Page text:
Depending on how Colon responds Monday, Farrell expects Colon to appear in a Spring Training game Thursday, likely not more than two innings or 30 pitches.
"If it is an inning, it might be 20-25 pitches," Farrell said. "But you could also see him going through an inning fairly quickly, because he locates the ball. That's the one thing in all of his bullpens -- his command of the baseball has been very good, particularly with the four- and two-seam fastballs."
Farrell said Colon threw his entire repertoire -- four- and two-seam fastballs, breaking balls and changeups -- during the session.
"The one key on his changeup -- certainly there's a tendency to slow his body down a hair, but that's more just getting closer to season form and the aggressiveness in his delivery," said Farrell.
Colon, speaking through Eddie Romero Jr., Boston's Latin American operations coordinator, said he is pleased with the progression of his work this spring and the ability to replicate game conditions.
"He says he feels really good and he was very pleased with his control more than anything," Romero said.
"He says he feels even better. It wasn't so much different, because he always simulates game situations, but he did like the fact that there was somebody in the cage there to really give him more game-like [conditions].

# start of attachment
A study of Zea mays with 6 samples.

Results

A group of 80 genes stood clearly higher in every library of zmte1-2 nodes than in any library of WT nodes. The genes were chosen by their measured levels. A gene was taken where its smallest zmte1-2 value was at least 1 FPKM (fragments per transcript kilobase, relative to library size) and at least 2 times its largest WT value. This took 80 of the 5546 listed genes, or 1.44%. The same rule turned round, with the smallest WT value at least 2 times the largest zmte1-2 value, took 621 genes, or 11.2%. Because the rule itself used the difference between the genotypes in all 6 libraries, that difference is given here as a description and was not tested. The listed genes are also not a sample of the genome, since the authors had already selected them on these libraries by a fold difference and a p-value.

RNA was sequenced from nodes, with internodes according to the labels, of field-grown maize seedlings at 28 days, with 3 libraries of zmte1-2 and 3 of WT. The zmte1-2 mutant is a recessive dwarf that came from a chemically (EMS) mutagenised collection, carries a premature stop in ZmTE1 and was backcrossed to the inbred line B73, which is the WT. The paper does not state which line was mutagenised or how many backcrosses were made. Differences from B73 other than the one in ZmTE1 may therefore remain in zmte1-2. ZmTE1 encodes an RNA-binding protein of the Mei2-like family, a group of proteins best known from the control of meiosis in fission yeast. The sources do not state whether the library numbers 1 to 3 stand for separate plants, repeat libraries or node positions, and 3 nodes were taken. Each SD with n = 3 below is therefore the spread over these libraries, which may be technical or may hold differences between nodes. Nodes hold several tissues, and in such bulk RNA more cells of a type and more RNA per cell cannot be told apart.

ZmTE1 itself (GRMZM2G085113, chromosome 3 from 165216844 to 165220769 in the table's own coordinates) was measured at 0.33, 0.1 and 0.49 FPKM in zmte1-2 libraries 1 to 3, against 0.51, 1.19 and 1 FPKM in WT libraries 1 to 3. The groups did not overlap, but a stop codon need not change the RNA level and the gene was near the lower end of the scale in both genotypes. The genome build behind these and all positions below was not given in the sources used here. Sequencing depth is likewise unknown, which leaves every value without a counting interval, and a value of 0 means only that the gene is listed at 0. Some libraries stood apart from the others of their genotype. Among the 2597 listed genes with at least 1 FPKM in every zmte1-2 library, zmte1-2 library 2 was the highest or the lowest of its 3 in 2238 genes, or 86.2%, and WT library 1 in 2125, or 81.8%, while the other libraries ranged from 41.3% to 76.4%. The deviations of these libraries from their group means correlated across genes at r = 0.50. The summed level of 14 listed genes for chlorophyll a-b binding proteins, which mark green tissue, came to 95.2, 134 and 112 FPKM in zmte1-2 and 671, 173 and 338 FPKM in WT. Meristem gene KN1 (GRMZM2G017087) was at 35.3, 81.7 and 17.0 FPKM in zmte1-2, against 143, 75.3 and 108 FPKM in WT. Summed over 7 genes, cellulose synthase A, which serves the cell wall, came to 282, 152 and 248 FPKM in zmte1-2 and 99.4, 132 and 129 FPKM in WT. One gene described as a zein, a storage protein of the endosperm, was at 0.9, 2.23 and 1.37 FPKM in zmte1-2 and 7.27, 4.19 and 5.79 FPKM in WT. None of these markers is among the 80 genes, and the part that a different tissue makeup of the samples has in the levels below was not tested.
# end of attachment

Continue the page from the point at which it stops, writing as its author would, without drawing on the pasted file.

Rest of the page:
"He says he feels very good right now, where he is right now. He also feels that the staff has brought him along at a very nice pace, so he's very comfortable with the work that they've given him up until now."
Colon, who cited his control and velocity as factors he's particularly pleased with, said he's not surprised at the rate of his progress this spring.
"He says he kind of expected this because he was working hard in the Dominican before he came over to Fort Myers," Romero noted. "And he says he's kind of right where he expected himself to be.
"Absolutely, he feels better than ever. He feels he's in good shape and his arm feels really healthy."
While Colon is still working on his overall performance, he's looking forward to getting into a game so he can work on his breaking pitches.
"Really, more than anything, the execution of his breaking pitches," Romero relayed. "He thinks that will be the most important thing once he gets into game activity."